RICHMOND, Va. -- October is LGBTQ History Month and observes the history of gay rights and the contributions of LGBTQ figures.
However, many students who are a part of this diverse community will graduate from high school having never learned about struggles experienced and positive impacts made by people with who they identify.
In Virginia schools, LGBTQ history isn't widely recognized.
"I think teaching this would result in students having a better understanding and grasp around the LGBTQ community, who they are, what they've done, who people are in the community. And I think as a result of the increased awareness, it would potentially cause less discrimination to occur," one student said.
This discrimination, unfortunately, hits close to home for some students.
16-year-old Alexander Campbell said he witnessed students damage an LGBTQ history month banner at Powhatan High School.
After it was thrown in the trash, the students were disciplined. However, the principal decided not to rehang the banner, saying it caused "substantial disruption" in the learning environment.
"I think we have to evaluate who was it disruptive to? Is it disruptive to LGBTQ students when they see that banners like this when the bullies are allowed to win at school? Absolutely," another student said. "What I've personally seen from this at school is a decrease in mental health, a decrease in self-confidence, particularly among LGBTQ students. And I think it really was disheartening."
Campbell said that the incident sheds a light on the need for more LGBTQ education.
Across the United States, six states have passed legislation requiring schools to implement LGBTQ inclusive curriculum, including California and New Jersey.
On the other hand, there are a few states that ban instruction on LBGTQ issues in public schools, like Texas and Mississippi.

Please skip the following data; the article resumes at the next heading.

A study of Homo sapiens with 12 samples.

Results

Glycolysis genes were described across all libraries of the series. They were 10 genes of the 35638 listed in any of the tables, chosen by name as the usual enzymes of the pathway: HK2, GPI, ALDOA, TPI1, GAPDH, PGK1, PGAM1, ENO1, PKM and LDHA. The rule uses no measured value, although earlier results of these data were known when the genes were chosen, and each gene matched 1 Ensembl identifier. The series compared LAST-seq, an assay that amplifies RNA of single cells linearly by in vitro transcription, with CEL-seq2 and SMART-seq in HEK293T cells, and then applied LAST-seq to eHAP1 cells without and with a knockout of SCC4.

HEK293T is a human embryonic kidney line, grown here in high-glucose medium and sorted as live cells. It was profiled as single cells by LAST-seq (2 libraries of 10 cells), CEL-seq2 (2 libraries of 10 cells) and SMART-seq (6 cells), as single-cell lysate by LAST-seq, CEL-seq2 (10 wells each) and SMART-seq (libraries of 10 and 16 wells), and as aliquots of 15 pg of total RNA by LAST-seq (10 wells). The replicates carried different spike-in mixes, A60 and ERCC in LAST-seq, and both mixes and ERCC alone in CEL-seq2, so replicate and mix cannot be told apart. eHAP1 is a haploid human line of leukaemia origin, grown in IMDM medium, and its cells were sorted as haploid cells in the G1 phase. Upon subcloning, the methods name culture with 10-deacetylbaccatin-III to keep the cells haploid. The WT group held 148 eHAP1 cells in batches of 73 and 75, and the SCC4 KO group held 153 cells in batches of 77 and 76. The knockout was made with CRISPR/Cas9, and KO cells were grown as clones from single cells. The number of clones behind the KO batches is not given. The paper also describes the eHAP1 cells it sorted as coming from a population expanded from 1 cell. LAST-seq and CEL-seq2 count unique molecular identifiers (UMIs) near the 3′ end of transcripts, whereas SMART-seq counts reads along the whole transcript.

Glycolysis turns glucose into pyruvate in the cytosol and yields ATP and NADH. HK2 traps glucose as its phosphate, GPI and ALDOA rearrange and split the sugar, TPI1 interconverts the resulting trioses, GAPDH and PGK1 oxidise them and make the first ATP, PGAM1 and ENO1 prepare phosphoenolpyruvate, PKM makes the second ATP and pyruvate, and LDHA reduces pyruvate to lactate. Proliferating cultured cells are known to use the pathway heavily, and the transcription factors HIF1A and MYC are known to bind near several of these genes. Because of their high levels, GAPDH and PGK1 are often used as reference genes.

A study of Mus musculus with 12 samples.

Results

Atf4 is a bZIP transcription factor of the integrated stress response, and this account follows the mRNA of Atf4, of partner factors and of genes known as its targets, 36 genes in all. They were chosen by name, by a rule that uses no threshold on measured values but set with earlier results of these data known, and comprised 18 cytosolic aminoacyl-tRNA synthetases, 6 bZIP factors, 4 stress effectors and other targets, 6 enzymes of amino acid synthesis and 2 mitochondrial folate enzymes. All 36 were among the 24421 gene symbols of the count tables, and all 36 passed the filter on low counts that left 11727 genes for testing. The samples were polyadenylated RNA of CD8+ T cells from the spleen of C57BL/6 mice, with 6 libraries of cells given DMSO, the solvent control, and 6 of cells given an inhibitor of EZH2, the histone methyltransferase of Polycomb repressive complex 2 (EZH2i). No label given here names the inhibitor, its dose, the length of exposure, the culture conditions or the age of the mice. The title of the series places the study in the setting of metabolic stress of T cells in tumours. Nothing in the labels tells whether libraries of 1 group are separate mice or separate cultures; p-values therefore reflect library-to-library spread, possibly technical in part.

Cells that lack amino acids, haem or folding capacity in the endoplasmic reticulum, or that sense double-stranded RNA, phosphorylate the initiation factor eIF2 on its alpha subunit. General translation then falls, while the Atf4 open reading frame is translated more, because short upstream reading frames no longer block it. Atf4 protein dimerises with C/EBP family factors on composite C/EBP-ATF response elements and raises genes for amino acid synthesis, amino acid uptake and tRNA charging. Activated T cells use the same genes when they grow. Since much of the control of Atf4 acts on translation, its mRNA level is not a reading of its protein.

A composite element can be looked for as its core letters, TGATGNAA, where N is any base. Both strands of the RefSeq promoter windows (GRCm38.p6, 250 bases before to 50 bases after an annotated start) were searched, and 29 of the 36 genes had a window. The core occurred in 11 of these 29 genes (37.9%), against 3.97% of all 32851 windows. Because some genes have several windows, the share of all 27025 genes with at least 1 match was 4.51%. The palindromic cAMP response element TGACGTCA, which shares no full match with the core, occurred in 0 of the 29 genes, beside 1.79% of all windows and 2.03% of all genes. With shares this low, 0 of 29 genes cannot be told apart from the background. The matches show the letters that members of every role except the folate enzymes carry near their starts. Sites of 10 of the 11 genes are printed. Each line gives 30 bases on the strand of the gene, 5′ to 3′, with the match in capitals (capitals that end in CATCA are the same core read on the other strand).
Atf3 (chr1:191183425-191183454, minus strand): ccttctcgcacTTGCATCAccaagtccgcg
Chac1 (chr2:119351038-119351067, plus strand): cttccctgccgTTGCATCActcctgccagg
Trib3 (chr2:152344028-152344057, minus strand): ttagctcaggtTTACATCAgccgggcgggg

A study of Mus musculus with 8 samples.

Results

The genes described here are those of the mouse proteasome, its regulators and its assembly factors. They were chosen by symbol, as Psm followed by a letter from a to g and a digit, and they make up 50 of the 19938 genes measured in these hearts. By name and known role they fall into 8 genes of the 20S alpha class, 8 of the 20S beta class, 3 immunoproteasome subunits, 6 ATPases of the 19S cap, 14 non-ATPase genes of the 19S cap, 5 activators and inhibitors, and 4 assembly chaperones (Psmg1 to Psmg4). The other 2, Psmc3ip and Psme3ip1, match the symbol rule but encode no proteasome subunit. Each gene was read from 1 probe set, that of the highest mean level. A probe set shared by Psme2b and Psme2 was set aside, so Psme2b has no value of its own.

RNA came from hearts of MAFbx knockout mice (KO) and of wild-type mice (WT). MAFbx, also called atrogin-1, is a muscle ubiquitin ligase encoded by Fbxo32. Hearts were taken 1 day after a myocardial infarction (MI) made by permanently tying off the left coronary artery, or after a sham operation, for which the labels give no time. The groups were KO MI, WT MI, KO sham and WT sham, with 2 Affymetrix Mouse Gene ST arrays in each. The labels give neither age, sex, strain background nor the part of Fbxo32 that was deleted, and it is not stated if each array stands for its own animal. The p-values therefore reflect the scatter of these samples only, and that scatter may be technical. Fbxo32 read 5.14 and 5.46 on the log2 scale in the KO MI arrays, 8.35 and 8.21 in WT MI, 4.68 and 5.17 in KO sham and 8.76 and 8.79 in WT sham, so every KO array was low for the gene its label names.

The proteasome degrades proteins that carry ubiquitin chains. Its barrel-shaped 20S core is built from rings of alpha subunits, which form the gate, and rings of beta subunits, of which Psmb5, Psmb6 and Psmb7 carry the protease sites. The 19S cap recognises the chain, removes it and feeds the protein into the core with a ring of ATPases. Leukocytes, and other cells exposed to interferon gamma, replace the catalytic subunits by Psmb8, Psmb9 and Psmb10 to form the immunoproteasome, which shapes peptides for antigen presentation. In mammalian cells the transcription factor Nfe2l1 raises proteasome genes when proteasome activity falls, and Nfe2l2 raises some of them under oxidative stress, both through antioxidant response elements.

Virginia does not mandate or forbid teaching LGBTQ curriculum but instead allows local school divisions to include it in their lessons if they choose to do so.
"There's this fear of teaching that which has not been taught before, right? But we've done that throughout our history. We've done it with civil rights," Dr. Judith Dunkerly-Bean, an assistant professor of literacy at Old Dominion University, said.
She works with teachers on ways to introduce LGBTQ topics into their classrooms.
"Know how to include materials so that children see themselves reflected, whether it was picture books or in new stories or in social studies texts, so that it became representative," Dr. Judith said.
Dr. Judith said that representation is important.
According to GLSEN, 90% of LGBTQ students say they hear discriminatory comments in school. 84% report verbal harassment and 25% say they've been physically hurt by another student because of their sexual orientation.
"We know already that children if their brain is in a state of fear or stress, they cannot learn," Dr. Judith said.
Still, some parents view LGBTQ representation as a political agenda or a special interest.
"When things are about topics that might be controversial within their own home, they feel like that is distracting their child from focusing on achievements in the areas of reading, writing and math," Victoria Cobb, who advocates for those families through her work with the Family Foundation, said.
Cobb points to low SOL scores during the pandemic as a reason why LGBTQ history should be left out of the classroom.
"I think there are also parents who want children to focus on the things that draw children together, not the differences between children," Victoria said.
"I think it's really important for students to recognize each other's differences," a student said.
No matter where you fall on the debate, Campbell encourages people to save room for unity.
"To really have an open mind, to listen, to have an open perspective. We just want to make sure everybody is included."